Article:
MORE than 20 business in Hereford say they have no confidence in Herefordshire Council after "radical changes" to the city centre.

As part of the active travel measure orders to encourage more people to cycle and walk, as well as ensuring sufficient space for shoppers to socially distance, parts of Bridge Street, King Street and Broad Street have been closed to vehicles.

Businesses in the area, including Andrew Morris Estate Agents, Pritchard’s and Sarah Jane's Joy of Flowers, say the council has used it's power in an "ill-judged, prejudicial and draconian way" at one of the city's most vulnerable times.

The group of businesspeople, headed by Luke Conod who owns FIT in Widemarsh Street, want the changes reversed. They are then demanding the council consult with them over measures which will be more "coherent and workable"

"We, the undersigned local businesses, believe Herefordshire Council has used their power in an ill-judged, prejudicial and draconian way at one of our city’s most vulnerable times to drive through a programme of works which has resulted in our streets being ripped apart to make them Inaccessible to motor cars using the excuse that our national government is funding new cycle lanes," the petition by Luke Conod said.

"Whilst we all want and need to see our Hereford become a greener place live, work, shop, visit and enjoy with far more cycling and walking , we simply have to implement these radical changes in a more coherent and consensual way and our council should take account of the simple fact that our city’s commercial future is on a knife edge and that it only works when respect is paid to the fact we are a market town and we need good roadways, easy access parking for goods and people or the concept of sound commercial business is lost."


As well as the 25 business listed on the petition, it has so far mustered up more than 600 signatures.

The petition, which also has the support of Jackson’s Property, King Street Kitchen and  Cafe Bodega, added: "Many of our businesses were starting to manage the changes as a result of Covid-19, then this latest little project that someone thought would be fun to try comes along and kicks them in the commercial teeth, this cannot stand, if this goes on unchallenged and not reversed so many of our local businesses will simply give up.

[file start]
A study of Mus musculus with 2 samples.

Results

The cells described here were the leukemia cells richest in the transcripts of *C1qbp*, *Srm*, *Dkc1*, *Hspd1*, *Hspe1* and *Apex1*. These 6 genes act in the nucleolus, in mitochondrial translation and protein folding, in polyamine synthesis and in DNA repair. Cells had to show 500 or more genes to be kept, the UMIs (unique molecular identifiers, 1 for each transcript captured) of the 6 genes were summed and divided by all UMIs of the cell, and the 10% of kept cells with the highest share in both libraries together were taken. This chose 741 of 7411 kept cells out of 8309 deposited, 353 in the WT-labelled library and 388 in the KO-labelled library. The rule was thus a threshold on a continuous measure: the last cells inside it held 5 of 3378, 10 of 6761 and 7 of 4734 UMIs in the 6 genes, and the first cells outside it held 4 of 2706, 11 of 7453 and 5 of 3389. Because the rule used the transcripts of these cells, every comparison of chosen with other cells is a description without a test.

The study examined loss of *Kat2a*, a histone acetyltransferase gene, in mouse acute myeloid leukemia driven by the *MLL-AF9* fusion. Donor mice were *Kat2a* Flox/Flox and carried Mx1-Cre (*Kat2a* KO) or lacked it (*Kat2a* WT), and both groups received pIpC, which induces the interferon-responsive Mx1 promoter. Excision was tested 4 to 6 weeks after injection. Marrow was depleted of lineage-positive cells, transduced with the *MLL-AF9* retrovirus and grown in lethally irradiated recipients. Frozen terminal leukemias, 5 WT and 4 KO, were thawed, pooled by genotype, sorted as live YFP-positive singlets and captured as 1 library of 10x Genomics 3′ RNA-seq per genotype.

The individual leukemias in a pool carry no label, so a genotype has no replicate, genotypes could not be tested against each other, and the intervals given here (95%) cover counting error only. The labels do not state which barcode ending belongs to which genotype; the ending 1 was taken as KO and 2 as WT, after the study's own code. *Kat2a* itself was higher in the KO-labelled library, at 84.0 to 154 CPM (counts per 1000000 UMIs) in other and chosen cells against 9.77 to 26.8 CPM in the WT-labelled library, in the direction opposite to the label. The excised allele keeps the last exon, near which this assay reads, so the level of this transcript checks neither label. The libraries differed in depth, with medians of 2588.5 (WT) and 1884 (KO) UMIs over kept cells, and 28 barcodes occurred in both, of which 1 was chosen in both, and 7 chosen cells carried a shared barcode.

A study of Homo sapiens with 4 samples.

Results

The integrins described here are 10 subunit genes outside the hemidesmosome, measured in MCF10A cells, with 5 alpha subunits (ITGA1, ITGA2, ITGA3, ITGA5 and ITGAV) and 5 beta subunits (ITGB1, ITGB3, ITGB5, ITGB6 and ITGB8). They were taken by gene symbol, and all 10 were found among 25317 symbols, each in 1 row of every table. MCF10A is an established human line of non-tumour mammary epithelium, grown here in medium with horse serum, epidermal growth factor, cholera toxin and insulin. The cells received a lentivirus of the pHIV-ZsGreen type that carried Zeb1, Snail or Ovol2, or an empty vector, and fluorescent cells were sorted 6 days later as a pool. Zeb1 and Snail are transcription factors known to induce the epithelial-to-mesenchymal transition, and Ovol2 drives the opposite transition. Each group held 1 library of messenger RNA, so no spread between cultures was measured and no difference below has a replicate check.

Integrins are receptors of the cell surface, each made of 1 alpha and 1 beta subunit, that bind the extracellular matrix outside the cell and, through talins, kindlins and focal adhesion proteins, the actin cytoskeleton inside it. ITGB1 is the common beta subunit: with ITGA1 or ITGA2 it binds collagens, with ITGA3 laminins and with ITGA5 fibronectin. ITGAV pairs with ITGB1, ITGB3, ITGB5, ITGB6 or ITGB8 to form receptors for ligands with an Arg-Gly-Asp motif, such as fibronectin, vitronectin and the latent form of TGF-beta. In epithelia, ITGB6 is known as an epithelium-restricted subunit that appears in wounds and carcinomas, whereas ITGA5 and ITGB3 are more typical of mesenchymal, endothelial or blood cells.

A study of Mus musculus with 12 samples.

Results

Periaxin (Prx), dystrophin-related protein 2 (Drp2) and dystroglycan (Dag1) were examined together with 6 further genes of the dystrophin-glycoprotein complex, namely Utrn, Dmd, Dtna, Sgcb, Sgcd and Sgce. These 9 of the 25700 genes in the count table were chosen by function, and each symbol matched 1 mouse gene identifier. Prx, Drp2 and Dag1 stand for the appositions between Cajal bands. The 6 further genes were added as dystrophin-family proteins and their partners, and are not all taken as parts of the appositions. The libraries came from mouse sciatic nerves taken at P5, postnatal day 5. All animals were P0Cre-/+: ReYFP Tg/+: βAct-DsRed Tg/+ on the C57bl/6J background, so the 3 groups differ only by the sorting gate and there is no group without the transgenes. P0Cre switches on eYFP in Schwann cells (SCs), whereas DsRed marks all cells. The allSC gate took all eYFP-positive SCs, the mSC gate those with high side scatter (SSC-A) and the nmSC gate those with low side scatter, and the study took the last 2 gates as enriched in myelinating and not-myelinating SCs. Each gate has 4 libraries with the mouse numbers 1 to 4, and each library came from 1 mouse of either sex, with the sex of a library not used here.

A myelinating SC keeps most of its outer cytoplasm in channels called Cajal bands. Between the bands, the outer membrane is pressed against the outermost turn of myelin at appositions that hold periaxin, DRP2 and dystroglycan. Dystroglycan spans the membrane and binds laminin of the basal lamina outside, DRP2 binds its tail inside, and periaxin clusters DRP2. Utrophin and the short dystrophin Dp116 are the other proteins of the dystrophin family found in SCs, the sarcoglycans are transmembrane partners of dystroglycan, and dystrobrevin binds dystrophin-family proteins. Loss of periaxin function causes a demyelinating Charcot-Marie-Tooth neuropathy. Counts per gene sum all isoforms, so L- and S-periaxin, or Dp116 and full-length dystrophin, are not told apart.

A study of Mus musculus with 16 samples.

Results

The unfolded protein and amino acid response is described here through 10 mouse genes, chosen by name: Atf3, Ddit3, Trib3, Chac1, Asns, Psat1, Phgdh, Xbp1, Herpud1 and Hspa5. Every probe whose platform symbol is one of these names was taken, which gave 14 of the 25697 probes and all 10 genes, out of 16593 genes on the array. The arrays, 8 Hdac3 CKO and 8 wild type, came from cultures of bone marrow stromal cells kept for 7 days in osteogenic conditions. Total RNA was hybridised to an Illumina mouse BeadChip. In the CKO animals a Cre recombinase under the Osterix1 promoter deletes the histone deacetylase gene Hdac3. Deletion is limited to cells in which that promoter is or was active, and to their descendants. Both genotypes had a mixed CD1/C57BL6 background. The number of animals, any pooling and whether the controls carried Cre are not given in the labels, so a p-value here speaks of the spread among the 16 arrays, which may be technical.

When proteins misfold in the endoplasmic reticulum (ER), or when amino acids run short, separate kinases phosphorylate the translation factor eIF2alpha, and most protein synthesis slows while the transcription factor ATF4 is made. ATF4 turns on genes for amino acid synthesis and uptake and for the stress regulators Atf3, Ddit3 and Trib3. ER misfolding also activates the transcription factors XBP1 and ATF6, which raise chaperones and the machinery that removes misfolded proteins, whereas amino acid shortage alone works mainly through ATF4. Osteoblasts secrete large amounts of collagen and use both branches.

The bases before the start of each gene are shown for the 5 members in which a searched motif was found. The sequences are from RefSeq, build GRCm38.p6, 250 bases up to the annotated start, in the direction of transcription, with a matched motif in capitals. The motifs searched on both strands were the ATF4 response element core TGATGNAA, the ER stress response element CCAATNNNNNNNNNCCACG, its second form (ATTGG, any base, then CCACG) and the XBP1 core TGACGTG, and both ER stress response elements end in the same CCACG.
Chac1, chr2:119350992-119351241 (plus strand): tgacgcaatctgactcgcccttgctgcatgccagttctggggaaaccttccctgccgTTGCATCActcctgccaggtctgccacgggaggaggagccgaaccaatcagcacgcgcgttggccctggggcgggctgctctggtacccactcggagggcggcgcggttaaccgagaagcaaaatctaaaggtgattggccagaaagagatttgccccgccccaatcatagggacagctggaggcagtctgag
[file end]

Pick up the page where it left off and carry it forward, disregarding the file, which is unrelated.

"We simply ask that those in political power grasp the nettle and instruct officers to change the policy, reverse the changes made and then properly consult with the people who trade and live here and who make our city work and then perhaps we will have a coherent and workable strategy."

Herefordshire Council has been approached for comment, but previously transport chief Councillor John Harrington has said measures will be adapted if there is evidence to do so.


Cabinet member for transport and infrastructure John Harrington said on July 31: "In terms of responses, people have been mixed in their views and a lot of people have expressed concern.

"A lot of the concerns were not based on enough time to make a decision, so people making claims footfall and retail takings were down, I'd say it was a little bit early to say that and a little bit unfair to make those assumptions.

"And also I think we've got to remember that this is something the Government has asked us to do, and it's been done for two reasons

"One of the most important reasons, as highlighted by the return of spikes throughout the country, is to make sure people realise we're still living with an active, live virus and we have to try and provide space on the streets as we get busier and busier.

"It might look a bit empty now as some of the space which we've taken looks a bit redundant, but if we get busy we need to be maintaining those distances.

"We've also got a responsibility to try to provide people the opportunity to continue travelling by cycling or walking if they want to, that's one of the requirements of the funding awarding."